I am not an actor. I do not teach acting, but I believe that the above quote applies to my discipline of music. When I am teaching a piece of music to a group of students I often talk about how all parts are important. Whether you provide the melody, harmony, bass, or rhythm your part is integral to the whole piece. Even the percussionist who has to count 82 bars of rests so they can play the one cymbal crash at section D is vital to the success of the piece of music. Something would be missing if the crash was absent at that moment. I teach students that, like a sports team, they all need to know their role and respect each others’ roles. No one part is the most important.
We need to view education in the same light. It takes many people to make a school run smoothly. Administrators, office staff, custodians, building engineers, education assistants, cooks, supervision aides, interpreters, and teachers. Every one of these adults has an important role in providing a safe, engaging school environment for our students. There are no small roles – every person uses his/her strengths to meet the needs of students.
My current role is that of substitute teacher. I have heard opinions from other teachers that my role is not as important as theirs. I don’t have to plan, write report cards, call parents, etc. They do not consider that I often don’t know where (or if) I will be working day to day. I am constantly thinking “on my feet” as I try to follow plans (or create my own) while creating a safe and stable environment for students who I have just met. I am helping students adapt to a change in their routine, dealing with individual learning needs without prior knowledge of the students or planning time.
As a music teacher I have felt under-appreciated by some. Seen as a babysitter so teachers can have their prep. Viewed as a “fun” class where no “real” learning happens. Sometimes classroom teachers don’t understand that I have to build relationships with hundreds of students (who I only see 1-2 times per week), that I have a curriculum which I know well and follow, that I assess students on their learning using a variety of techniques, and that I differentiate for a variety of learning needs and levels just as a “regular” teacher does.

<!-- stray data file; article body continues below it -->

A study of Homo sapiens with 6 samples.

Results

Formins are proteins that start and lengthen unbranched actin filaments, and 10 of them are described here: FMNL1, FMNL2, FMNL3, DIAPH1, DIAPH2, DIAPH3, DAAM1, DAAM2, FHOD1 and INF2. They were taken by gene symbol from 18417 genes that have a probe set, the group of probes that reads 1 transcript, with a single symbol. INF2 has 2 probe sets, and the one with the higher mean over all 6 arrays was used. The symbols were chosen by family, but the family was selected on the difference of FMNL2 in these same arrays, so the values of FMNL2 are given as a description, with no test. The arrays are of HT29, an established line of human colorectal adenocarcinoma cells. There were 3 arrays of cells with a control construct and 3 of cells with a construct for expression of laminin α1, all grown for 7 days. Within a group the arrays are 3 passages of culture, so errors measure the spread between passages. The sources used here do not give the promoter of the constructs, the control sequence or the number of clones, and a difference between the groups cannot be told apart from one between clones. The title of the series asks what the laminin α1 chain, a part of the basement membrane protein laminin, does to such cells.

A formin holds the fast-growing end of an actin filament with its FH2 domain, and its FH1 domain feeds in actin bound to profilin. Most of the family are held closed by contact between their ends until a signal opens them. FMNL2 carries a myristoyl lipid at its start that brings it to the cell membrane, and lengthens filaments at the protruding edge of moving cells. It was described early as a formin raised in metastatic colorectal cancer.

I’ve heard secondary teachers complain about elementary teachers and vice versa. I’ve know teachers who don’t clean things up because “it’s not their job”. I’ve experienced administrators who seem like they are on a power-trip. I’ve heard many people complain that someone else’s job is too easy – anyone could do it.
Why do some people feel that their job is more important or more difficult than anyone else’s?
How would our students function if they were hungry? How could we all stay safe and healthy if the building was not clean & equipment maintained? How many primary teachers would be able to clean up the “accidents” while still keeping their class under control? What would teachers who put on performances do without help in set-up and clean-up? How would our needy students function without the 1:1 support provided by their Education Assistant? How many people want to be the leader of the school, most often dealing with conflict?
We all have challenges in our jobs. It is important to recognize that each of us works together with the goal of supporting students. Though we might not understand everything our colleagues do, we need to recognize the contribution they make to the entire school community.
There are no small parts in education. Let’s not be small actors.